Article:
In an article for Politico, Ben Smith explains that Democratic activists are worried that Stewart's event might overshadow the One America rally on October 2—a larger, more serious political event sponsored by labor organizations. And Democratic get-out-the-vote (GOTV) efforts also may be hampered by the Comedy Central rally, which takes place the weekend before the November election when most GOTV pushes get into full-swing. Is the Democratic hand-wringing justified for an event that will hand out free signs like "I Disagree With You, But I'm Pretty Sure You're Not Hitler"? Political observers weigh in.
- Democrats Are Worried reports Politico's Ben Smith, who interviews DNC staffers, field organizers and labor organizers. But it's The Nation editor Chris Hayes who puts it the most succinctly in response to Smith's query: "It's hard to imagine lots of democratic politicians showing up to a left equivalent of Glenn Beck's rally...but more than that is puts our current ideological predicament in stark terms. On the right, a large, well-funded, organized, ideologically zealous movement dedicated to a genuinely reactionary vision of America. On the other side? A very gifted satirist calling for everyone to just chill. If I landed here from Mars and took this in and was asked to bet on who's going to have more political success, it would be a no-brainer."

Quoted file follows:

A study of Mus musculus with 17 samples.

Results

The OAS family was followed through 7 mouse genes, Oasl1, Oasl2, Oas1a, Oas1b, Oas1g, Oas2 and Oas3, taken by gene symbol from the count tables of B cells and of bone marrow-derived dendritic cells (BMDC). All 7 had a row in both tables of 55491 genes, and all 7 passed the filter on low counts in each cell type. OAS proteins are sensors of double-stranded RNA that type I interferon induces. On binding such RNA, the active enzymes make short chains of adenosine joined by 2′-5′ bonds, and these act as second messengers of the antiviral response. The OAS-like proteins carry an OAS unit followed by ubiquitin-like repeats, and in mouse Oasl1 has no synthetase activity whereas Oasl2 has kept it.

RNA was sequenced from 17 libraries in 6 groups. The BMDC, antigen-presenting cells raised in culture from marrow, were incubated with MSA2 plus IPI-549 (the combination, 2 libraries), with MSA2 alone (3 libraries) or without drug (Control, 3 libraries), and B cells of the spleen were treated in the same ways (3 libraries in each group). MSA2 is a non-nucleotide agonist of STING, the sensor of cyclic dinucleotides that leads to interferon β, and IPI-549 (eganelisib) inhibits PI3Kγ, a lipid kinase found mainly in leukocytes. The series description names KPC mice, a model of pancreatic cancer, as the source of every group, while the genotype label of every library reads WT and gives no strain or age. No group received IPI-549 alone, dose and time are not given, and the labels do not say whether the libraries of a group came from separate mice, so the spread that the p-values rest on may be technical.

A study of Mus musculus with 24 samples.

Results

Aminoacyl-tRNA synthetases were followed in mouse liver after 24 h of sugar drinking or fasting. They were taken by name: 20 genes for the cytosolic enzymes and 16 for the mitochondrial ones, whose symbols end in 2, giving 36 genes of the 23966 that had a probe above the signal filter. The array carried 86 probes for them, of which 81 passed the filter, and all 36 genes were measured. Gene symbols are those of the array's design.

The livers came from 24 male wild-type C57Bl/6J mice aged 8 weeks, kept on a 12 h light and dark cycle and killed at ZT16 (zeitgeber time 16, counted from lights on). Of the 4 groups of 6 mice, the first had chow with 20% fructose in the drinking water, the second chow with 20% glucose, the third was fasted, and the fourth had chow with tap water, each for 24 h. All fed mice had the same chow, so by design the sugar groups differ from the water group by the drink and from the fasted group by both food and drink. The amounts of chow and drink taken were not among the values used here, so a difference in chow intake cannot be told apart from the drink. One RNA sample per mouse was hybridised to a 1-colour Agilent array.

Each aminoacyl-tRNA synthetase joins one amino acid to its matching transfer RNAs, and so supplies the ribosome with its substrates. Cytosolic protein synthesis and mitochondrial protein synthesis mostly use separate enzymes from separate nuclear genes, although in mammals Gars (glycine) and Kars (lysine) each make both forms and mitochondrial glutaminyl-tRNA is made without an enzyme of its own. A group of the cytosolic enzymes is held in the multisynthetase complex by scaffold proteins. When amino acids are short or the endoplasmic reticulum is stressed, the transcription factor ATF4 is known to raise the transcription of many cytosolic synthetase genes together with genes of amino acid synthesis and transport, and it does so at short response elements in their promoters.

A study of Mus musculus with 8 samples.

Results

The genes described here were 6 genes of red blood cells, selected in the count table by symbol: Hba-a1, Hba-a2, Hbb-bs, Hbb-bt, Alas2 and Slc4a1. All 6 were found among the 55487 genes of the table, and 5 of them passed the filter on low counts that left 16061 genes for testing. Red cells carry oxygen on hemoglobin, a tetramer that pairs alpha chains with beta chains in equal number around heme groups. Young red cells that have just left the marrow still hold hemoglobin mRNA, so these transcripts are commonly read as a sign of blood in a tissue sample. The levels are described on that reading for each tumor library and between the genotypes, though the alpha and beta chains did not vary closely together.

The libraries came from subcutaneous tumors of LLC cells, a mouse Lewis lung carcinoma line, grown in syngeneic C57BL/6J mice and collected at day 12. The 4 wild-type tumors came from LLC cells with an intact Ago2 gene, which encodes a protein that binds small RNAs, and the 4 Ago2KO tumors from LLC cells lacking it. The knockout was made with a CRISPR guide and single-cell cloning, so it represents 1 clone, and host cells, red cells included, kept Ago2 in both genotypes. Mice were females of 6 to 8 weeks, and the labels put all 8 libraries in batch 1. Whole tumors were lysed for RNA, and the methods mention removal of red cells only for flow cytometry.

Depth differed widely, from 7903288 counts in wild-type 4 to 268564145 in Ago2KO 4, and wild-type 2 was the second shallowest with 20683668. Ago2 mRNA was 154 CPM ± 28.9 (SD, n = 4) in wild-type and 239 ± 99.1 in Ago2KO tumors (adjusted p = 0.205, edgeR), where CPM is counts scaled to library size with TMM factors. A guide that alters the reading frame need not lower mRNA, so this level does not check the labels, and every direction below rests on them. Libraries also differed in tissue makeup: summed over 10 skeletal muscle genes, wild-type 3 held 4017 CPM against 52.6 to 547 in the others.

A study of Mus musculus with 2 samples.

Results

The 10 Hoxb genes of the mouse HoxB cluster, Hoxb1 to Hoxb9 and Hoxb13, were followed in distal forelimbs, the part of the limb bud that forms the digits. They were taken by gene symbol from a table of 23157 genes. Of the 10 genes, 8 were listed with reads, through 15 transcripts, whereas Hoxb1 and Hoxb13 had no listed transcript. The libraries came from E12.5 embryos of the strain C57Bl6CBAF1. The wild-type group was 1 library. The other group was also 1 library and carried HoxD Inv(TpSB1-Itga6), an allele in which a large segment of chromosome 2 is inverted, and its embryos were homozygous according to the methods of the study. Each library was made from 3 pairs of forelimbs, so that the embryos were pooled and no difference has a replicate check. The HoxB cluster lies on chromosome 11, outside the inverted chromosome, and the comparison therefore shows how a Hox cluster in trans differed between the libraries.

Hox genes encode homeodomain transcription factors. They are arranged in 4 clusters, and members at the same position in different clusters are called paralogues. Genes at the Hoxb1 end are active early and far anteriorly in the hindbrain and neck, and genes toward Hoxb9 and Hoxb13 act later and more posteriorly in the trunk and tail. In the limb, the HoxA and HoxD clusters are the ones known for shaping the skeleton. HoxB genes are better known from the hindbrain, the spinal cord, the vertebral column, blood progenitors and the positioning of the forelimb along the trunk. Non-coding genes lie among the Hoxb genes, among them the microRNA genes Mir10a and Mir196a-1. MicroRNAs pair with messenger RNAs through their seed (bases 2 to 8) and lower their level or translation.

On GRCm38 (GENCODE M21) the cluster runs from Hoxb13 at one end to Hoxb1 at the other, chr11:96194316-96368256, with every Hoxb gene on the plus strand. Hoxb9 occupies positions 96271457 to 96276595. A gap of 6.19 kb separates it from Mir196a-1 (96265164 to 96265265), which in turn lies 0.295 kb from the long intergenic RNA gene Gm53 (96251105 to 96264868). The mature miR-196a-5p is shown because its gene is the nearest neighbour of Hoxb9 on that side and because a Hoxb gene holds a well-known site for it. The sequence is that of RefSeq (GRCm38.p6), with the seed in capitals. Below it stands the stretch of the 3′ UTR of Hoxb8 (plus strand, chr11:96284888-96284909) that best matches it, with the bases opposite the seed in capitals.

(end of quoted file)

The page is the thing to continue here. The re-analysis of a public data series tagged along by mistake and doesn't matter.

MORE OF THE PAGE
- I'm Not So Sure Stewart's Event Will Be Smaller Than Beck's, concludes James Joyner at Outside the Beltway. "First, I continue to believe that, while the Tea Party movement is animated, it’s not united around any particular agenda, much less 'dedicated to a genuinely reactionary vision.' Second, if Stewart can get a larger crowd than Beck for what amounts to a joke rally, it will send a pretty powerful message about how small Beck’s attraction really is."
- This Is 'Hilarious' declares an incredulous David Weigel, who can't understand why there is "panic about the first fun or galvanizing event that Barack Obama's liberal base had to look forward to since their limited edition Shepard Fairey prints came in the mail." These Democrats who are worried, he argues, that they are "doomed" electorally and see that, "their hope rests on the resilience of liberal activists and union members, who will be spending the final 72 hours of the campaign pulling voters to the polls." But those aren't the people who are going to this Comedy Central rally: "The Democratic panic is out of whack. Stewart's rally will attract two kinds of people: The liberals who weren't going to GOTV anyway, and the liberals who needed this final jolt to reconnect with their elitism."
- It Encourages Political Equivalency, and Salon's Glenn Greenwald believes that sometimes Stewart strains too hard to find "rhetorical excesses" on both sides of the aisle: "It's admirable to want to apply the same standards to both sides, but straining to manufacture false equivalencies doesn't accomplish that; sometimes, honestly applying the same standards to each side will result in a finding that one side, at least in that regard, is actually worse." Namely, when the talk show host slams the left for calling Bush a "war criminal" in order to establish his centrist "bona fides" he concocts, "an equivalency where it doesn't exist."
- Stewart Is One of the Few Who Can Generate Enthusiasm "Rachel Maddow or Keith Olbermann or, uh, whoever that guy is on CNN couldn't possibly generate the kind of excitement that Stewart and Colbert have managed to drum up," asserts Alexandra Petri at The Washington Post. "Don't get me wrong -- those liberal pundits both have great hair and lots of opinions, and if they want me to appear on their shows and say insightful things about finance, I'd be happy to oblige. But the true counterweights on the left to the crowd-rousers on the right are the comedians."